FAYETTEVILLE, Ark. (KNWA/KFTA) — A study from tripnet.org, a national transportation research nonprofit, reports that traffic fatalities in Arkansas rose 37 percent from 2019 to 2021.

According to a press release, the number of traffic fatalities in the U.S. surged by 19 percent from 2019 to 2021. Traffic fatalities began to increase dramatically in 2020 even as vehicle travel rates plummeted due to the COVID-19 pandemic.

Traffic fatalities continued to increase in 2021 as vehicle travel returned to near pre-pandemic levels. The report documents the increase in traffic fatalities and fatality rates from 2019 to 2021 at the national and state levels, examines possible causes for this increase, and prescribes a broad, comprehensive approach to reducing traffic fatalities in the U.S.

By April 2020, as most activity was curtailed in an effort to slow the spread of COVID-19, U.S. vehicle travel was 40 percent lower than in April 2019. But by October 2020, U.S. vehicle travel rebounded to within nine percent of October 2019 levels.

Overall U.S. vehicle travel in 2020 was 11 percent lower than in 2019, dropping from 3.3 trillion vehicle miles of travel (VMT) to 2.9 trillion. However, despite the significant decrease in vehicle travel from 2019 to 2020, the overall number of traffic fatalities during the same time increased by eight percent (from 36,096 to 38,824) and the traffic fatality rate per 100 million vehicle miles of travel increased by 21 percent (from 1.11 to 1.34).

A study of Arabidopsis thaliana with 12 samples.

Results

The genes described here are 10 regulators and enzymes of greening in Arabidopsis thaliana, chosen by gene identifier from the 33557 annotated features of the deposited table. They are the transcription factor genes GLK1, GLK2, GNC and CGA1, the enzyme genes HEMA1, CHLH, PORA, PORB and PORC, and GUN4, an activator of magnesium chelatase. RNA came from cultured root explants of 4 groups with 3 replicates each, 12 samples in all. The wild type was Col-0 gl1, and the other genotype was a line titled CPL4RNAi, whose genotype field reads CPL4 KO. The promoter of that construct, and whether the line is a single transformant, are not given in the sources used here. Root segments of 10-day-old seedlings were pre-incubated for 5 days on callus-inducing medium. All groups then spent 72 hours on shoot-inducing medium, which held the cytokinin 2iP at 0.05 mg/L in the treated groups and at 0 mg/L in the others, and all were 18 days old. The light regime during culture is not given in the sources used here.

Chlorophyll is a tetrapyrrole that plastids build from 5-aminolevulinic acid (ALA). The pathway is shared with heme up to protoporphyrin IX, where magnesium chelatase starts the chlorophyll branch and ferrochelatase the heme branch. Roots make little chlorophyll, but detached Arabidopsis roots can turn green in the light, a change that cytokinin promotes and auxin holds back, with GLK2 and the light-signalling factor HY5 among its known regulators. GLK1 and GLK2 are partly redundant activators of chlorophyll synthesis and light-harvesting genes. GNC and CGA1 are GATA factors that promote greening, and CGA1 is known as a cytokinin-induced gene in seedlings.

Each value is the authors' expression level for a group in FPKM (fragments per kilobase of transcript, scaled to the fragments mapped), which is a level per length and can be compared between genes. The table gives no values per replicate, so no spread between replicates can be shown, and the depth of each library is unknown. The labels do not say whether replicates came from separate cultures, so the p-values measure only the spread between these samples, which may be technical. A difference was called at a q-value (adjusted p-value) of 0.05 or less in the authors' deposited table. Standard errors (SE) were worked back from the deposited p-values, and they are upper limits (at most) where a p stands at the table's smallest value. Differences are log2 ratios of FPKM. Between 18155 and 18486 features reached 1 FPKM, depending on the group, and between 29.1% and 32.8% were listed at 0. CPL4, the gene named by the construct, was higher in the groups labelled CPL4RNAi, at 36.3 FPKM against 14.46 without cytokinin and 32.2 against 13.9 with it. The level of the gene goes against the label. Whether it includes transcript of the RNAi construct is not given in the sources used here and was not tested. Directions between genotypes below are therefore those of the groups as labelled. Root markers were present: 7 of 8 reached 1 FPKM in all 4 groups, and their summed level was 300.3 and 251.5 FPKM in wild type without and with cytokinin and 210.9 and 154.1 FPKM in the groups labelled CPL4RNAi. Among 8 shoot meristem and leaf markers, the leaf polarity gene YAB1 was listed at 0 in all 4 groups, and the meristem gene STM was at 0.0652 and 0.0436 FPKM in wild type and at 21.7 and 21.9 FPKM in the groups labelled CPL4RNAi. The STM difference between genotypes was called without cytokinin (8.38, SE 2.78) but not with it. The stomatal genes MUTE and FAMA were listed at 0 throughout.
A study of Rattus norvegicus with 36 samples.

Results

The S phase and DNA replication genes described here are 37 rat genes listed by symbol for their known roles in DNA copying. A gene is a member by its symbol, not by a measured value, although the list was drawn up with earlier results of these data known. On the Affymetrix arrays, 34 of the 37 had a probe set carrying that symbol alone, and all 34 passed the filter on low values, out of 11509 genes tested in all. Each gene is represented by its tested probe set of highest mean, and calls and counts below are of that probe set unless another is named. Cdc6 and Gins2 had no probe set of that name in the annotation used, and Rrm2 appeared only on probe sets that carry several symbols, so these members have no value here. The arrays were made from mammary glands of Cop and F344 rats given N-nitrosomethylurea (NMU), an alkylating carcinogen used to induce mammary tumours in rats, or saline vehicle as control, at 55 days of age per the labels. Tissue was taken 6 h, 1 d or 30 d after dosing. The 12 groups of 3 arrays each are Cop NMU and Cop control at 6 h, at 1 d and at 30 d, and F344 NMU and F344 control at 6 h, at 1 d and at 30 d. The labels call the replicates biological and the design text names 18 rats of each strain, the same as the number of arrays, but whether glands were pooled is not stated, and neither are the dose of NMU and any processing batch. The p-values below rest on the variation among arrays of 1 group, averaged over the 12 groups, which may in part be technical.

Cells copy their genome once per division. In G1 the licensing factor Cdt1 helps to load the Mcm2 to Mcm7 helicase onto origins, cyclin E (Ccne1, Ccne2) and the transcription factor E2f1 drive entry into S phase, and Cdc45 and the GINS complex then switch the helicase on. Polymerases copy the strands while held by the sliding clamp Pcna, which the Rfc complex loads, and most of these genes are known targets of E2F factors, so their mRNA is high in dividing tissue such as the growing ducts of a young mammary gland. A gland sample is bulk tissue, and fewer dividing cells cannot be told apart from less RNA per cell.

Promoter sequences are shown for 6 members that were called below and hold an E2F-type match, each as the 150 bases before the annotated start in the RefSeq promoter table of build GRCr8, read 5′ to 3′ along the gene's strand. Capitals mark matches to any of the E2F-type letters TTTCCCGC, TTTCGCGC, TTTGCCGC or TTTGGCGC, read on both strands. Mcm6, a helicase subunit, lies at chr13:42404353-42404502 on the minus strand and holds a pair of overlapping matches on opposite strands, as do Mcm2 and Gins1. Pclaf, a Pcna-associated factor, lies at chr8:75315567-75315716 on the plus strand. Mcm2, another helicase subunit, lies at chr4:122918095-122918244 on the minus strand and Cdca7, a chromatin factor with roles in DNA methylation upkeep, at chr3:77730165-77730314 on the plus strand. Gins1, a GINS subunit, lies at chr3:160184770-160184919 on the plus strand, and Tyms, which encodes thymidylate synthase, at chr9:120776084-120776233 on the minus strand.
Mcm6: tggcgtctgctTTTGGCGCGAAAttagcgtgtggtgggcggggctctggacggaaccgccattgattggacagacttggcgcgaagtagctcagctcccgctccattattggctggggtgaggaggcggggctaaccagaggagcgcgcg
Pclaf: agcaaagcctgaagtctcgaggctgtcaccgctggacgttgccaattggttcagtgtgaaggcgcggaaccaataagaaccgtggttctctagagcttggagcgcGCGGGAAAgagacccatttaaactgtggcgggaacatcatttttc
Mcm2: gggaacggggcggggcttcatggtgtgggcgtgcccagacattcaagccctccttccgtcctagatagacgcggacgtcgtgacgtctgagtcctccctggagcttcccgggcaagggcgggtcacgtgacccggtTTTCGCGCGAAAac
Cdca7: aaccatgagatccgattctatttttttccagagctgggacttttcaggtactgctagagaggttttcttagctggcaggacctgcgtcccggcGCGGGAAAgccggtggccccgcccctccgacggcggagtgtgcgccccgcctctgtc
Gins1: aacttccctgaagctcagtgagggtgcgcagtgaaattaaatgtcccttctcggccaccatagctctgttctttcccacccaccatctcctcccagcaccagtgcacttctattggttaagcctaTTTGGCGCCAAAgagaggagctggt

In 2021, as COVID-related restrictions gradually lifted, U.S. vehicle travel increased to approximately 3.2 trillion miles, a 10 percent increase over 2020 levels, but still three percent below 2019’s pre-pandemic levels.  From 2020 to 2021 the number of traffic fatalities increased by approximately 11 percent (from 38,824 to 42,915), roughly on pace with the 10 percent increase in vehicle travel during the same time, and the highest number recorded since 2005. The traffic fatality rate in 2021 rose to 1.35 fatalities per 100 million vehicle miles of travel.

Bicycle and pedestrian fatalities also increased significantly over pre-pandemic levels. From 2019 to 2021, the number of U.S. pedestrians killed increased by 18 percent (from 6,205 to 7,342) and the number of bicyclists killed increased by 16 percent (from 846 to 985).  Pedestrian and bicycle deaths accounted for 19 percent of all U.S. traffic fatalities in 2021.

The significant increase in traffic fatalities since the onset of the pandemic appears largely related to increased risks being taken by drivers.  In an October 2021 report, the National Highway Traffic Safety Administration found that “after the declaration of the public health emergency in March 2020, driving patterns and behaviors in the United States changed significantly. Of the drivers who remained on the roads, some engaged in riskier behavior, including speeding, failure to wear seat belts, and driving under the influence of alcohol or drugs.”

The entire report is available here.